Spitfire Mk IXC

Supermarine Spitfire Mk IXC     ML407   OU-V 
No 485(NZ) Squadron, Flying Officer Johnnie Houlton, Selsey, June 1944.

The Spitfire Mk IX in all its variants was one of the last of the Merlin engined Spitfires to be produced in large numbers, a total of 5,665 Spitfire Mk IXs being produced. Its success lay in its improved two-stage, two- speed supercharger coupled to the Merlin engine. Finally the RAF had a fighter to match the Fw190 which had for so long been outperforming allied fighters.
Perhaps one of the most well known Spitfire Mk IX's, ML407 is famous for having been the first aircraft to shoot down an enemy aircraft on D-Day 6th of June 1944 when Flying Officer Johnnie Houlton of 485 (New Zealand) Squadron downed a Ju88 over the Normandy beaches.
ML407 would complete 176 operational sorties and 200 combat flying hours. After being heavily damaged and repaired, ML407 was passed from squadron to squadron before being returned to England for decommissioning. Having been stored for five years after the war ML407 was sold to Vickers-Armstrong and converted into a two seat trainer, and was used by the Irish Army Air Corps at Baldonnel, near Dublin, where she was retired.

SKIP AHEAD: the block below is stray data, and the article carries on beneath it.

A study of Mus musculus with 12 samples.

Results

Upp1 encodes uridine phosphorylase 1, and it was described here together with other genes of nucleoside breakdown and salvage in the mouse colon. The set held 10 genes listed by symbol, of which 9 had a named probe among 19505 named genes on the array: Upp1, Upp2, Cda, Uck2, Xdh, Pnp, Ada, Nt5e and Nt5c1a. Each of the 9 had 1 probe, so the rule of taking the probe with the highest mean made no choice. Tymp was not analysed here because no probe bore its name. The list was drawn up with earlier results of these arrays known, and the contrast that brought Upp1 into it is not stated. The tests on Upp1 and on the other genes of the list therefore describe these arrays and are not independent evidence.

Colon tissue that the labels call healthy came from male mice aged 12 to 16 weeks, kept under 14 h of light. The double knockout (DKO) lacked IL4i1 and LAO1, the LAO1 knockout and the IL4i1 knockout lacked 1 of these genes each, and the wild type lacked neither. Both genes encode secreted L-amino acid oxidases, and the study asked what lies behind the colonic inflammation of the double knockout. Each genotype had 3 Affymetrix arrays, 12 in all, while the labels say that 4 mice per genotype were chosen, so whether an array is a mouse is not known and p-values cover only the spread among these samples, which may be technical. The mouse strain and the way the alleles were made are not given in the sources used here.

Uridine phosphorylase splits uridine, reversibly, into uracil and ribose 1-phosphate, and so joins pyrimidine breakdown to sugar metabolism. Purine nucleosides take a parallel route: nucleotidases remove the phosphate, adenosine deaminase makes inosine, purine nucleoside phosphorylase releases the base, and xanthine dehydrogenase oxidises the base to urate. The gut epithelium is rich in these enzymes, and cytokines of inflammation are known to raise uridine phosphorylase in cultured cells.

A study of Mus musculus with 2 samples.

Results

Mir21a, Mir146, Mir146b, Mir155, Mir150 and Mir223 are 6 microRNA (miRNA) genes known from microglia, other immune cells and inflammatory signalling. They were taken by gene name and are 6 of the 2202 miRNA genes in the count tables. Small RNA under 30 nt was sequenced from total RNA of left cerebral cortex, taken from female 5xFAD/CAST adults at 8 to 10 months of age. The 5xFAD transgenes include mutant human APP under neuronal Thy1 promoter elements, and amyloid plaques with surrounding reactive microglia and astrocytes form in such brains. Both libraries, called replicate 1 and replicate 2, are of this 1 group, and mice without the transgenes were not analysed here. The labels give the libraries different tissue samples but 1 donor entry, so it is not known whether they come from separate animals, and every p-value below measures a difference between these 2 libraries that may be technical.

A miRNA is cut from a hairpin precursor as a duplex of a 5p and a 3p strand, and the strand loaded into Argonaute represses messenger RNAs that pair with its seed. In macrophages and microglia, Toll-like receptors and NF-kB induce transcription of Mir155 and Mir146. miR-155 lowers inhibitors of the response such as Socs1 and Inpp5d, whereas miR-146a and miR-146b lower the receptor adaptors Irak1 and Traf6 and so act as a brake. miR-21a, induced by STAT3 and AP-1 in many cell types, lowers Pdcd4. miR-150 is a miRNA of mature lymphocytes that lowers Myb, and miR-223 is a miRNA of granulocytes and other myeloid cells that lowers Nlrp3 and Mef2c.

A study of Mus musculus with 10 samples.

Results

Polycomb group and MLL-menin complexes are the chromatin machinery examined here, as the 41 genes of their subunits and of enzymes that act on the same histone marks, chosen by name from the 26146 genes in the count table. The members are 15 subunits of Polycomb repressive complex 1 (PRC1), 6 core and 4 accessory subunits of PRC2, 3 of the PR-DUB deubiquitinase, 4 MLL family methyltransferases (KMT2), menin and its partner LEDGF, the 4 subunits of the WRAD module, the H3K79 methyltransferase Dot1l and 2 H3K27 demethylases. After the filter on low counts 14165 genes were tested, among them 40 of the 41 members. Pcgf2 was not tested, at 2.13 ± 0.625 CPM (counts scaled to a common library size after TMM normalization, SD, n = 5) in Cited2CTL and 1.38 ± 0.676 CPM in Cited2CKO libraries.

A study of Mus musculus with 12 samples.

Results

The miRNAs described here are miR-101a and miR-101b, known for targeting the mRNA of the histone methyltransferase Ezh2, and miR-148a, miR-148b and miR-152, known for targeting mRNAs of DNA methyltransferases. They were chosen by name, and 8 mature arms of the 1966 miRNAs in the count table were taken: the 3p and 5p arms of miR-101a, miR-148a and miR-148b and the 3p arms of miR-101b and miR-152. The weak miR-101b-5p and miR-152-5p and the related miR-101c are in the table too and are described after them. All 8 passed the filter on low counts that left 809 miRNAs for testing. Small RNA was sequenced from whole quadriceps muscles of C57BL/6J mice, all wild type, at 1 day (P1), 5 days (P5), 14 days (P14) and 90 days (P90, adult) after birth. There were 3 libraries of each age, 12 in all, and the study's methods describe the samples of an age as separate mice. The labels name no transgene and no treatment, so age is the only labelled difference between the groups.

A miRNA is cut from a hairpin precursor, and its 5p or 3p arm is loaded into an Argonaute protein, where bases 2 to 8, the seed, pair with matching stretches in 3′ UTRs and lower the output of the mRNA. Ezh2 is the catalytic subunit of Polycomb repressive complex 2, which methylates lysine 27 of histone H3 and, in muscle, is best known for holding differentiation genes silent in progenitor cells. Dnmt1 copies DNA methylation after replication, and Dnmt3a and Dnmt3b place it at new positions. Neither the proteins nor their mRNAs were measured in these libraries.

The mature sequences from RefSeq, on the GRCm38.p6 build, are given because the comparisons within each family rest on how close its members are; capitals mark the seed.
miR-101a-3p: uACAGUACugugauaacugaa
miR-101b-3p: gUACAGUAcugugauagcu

In 1960 and used as an instructional airframe. In 1968 ML407 was sold to Samuelson Films and then two years later to Sir William Roberts before finally being purchased by Nick Grace and undergoing an extensive restoration to flying condition and registered as G-LFIX.
Today ML407 is owned and operated by Carolyn Grace at Duxford in Cambridgeshire and may regularly be seen giving air displays.

Supermarine Spitfire Mk IX ML407 as flown on D-Day 1944. Supermarine Spitfire Mk IX ML407 as flown on D-Day 1944. Supermarine Spitfire Mk IX ML407 as flown on D-Day 1944.